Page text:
What these two methods have in common is that they rely on perfect use. With perfect use, the effectiveness of these methods is extremely high and pretty much the same (over 98% in the case of the pill and external condoms; around 95% when it comes to internal condoms). But the pregnancy rate with “typical use” (meaning “in the real world use”) is not quite the same for one and another. With the pill, it stands at about 9 percent per year; while with condoms, it’s between 18 and 21 percent annually. This of course means that, from an effectiveness standpoint, the pill is slightly better at preventing pregnancy than condoms.

However, condoms do provide extra protection against most STDs and STIs, what makes it a more effective option if the aim is to protect yourself from sexually transmitted diseases and infections.

The main factor to take into account is which one best meets your needs and lifestyle. Still, keep in mind that, from an overall protection standpoint, the best option is probably to use the birth control pill and a condom whenever you have sex, which further lowers the risk of an unwanted pregnancy while preventing the transmission of most STDs. Especially if you have multiple sex partners.

Also Read: How to Regain Eyesight Naturally?

Closer look to birth control pills

The birth control pill prevents pregnancy by releasing specific hormones into the body. While the person’s regularly taking the pill, these hormones make it more difficult for sperm to come into contact with an egg, which reduces the risk of an unwanted pregnancy. 

There are two kinds of pills. Unlike the combined type, progestin-only pills might not stop the ovulation completely, but still make the pregnancy a lot less likely by thickening the cervical mucus levels near the cervix, making it difficult for sperm to enter into the uterus and “meet eggs”. 

The pill is really easy to use. If taken at the same time every day, after about a week it is 99 percent effective to prevent pregnancy for as long as it continues to be taken on a regular basis. Plus, it might help with painful and uncomfortable periods, as these tend to get lighter and shorter. Combined pills can even smoothen acne breakouts and improve the skin.

Still, this contraceptive is not free of unwanted side effects. Like other forms of hormonal birth control, the pill can cause mild discomforts such as nausea, headaches, breast tenderness, spotting in between periods and slight fluid retention. It is also linked to a minor increase in the risk of experiencing cardiovascular issues such as stroke and blood clotting. Last but not least, the pill does not prevent STDs.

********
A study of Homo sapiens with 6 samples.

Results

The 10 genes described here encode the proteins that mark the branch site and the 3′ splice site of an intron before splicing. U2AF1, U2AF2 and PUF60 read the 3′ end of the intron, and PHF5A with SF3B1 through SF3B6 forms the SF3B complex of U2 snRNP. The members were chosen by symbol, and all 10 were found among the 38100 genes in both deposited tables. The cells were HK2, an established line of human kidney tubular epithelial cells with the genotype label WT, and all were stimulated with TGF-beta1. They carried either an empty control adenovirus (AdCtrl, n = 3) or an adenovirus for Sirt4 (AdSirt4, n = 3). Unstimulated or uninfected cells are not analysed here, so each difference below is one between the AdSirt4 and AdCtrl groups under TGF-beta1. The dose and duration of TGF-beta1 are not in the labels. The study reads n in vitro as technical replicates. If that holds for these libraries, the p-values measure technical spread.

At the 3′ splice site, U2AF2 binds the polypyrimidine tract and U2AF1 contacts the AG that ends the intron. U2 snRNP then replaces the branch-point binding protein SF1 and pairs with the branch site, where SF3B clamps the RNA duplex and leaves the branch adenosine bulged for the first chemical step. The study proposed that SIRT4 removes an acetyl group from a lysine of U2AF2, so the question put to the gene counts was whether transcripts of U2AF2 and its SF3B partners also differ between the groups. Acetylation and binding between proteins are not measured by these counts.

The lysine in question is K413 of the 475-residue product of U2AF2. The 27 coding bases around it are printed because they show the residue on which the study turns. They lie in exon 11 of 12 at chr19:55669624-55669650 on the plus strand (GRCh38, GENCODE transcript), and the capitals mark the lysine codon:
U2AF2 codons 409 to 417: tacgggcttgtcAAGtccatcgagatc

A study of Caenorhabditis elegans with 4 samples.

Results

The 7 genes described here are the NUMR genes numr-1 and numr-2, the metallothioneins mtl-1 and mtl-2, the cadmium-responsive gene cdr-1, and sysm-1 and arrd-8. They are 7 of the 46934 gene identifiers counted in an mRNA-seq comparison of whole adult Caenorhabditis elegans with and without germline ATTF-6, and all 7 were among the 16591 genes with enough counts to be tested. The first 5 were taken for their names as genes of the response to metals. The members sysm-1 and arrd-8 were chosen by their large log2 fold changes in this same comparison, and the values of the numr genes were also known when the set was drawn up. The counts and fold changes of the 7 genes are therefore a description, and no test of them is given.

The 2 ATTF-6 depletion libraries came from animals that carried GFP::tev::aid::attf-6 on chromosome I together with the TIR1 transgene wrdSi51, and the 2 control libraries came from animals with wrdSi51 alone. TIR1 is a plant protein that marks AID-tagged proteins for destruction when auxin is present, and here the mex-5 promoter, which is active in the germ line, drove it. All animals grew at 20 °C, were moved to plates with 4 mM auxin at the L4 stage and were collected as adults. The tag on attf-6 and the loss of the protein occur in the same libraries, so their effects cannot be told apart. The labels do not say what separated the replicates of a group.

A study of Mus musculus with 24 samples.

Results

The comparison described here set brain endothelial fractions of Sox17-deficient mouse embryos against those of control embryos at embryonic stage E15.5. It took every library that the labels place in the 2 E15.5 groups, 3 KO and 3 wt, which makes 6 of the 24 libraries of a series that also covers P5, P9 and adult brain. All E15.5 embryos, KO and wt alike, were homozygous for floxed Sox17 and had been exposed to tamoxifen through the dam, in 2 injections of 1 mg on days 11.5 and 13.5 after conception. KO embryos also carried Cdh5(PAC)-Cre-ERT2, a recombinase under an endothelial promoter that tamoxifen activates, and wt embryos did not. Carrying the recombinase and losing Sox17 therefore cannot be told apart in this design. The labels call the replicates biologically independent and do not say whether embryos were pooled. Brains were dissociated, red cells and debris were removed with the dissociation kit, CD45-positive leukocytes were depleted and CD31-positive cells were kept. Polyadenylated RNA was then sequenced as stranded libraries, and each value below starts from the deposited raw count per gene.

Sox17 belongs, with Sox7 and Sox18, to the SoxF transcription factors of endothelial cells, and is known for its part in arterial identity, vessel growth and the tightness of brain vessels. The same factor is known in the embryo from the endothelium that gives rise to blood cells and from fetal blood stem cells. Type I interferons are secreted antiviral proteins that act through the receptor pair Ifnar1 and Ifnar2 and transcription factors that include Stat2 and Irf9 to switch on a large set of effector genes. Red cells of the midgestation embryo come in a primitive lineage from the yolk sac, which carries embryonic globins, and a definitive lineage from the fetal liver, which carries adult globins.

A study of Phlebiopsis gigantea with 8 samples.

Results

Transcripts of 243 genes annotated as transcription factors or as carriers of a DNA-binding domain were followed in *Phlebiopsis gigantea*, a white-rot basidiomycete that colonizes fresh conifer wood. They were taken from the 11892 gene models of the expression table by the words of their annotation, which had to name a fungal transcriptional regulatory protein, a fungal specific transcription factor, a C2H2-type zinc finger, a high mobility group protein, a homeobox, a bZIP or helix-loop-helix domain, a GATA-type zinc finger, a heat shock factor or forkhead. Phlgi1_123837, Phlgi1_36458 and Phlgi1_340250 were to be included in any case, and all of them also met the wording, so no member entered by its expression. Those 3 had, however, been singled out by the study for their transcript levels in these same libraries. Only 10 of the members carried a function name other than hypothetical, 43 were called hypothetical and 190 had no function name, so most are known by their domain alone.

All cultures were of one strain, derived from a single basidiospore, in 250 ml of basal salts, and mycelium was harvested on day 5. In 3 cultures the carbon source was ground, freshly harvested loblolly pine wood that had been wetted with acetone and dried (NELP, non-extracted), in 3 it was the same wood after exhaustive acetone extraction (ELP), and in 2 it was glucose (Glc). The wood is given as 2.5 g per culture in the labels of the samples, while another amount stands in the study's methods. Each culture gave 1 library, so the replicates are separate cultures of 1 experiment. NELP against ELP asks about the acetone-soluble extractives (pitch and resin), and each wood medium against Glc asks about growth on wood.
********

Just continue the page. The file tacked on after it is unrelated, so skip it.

Closer look to condoms

Cheap, really accessible in the case of the external type, and easy to use, condoms work by creating a physical barrier between your partner’s genital area and yours. This means that they also —at least to a considerable extent— protect from STDs.

However, disrupting the use of condoms is a lot more common than you might think, and, as a result, the “real life” effectiveness rate of this method is about 85 percent per year. If you happen not to be the one putting the condom on, make sure that your partner uses a proper condom and wears it correctly before you start having sex. 

On the same page, the internal condom (a lubricated polyurethane, or “plastic”, a tube that has a flexible ring at each end; one that is closed and covers the cervix, the other one that slightly covers the labia) offers control for women who don’t want to negotiate with their male partner to put an external condom on. Furthermore, it can be inserted up to 8 hours before sex.

Internal condoms are not as widely available as external condoms, so it may take a little more effort to buy them. External condoms, on the other hand, are undefeated when it comes to cost and accessibility. It is very easy to buy them on short notice at supermarkets and convenience stores, from vending machines and of course online. You can also find them free of charge at public hospitals, health centers, NGOs and even some bars and restaurants!

Condoms come in dozens of varieties: you can try out the ones that glow-in-the-dark, the textured or studded, flavored. Best of all, even the fanciest types are quite affordable. Remember that to stay protected you’ll need to use a condom every time you have sex! 

Many people report a reduced level of pleasure when using a condom. But the good news is this is often due to incorrect condom sizing or type, and can be fixed by switching to a different model or brand. It can take some time and experimentation to find the one that best suits your needs. Still, remember condoms are the only methods that protect against both pregnancy and STIs, including HIV. So don’t give up on them that easily!

Also Read: Top 5 PEMF Benefits for Back Pain

Author Bio:

Michell Mor, eHealth Content Specialist at Women First Digital, an organization helping women about contraception and sexual health.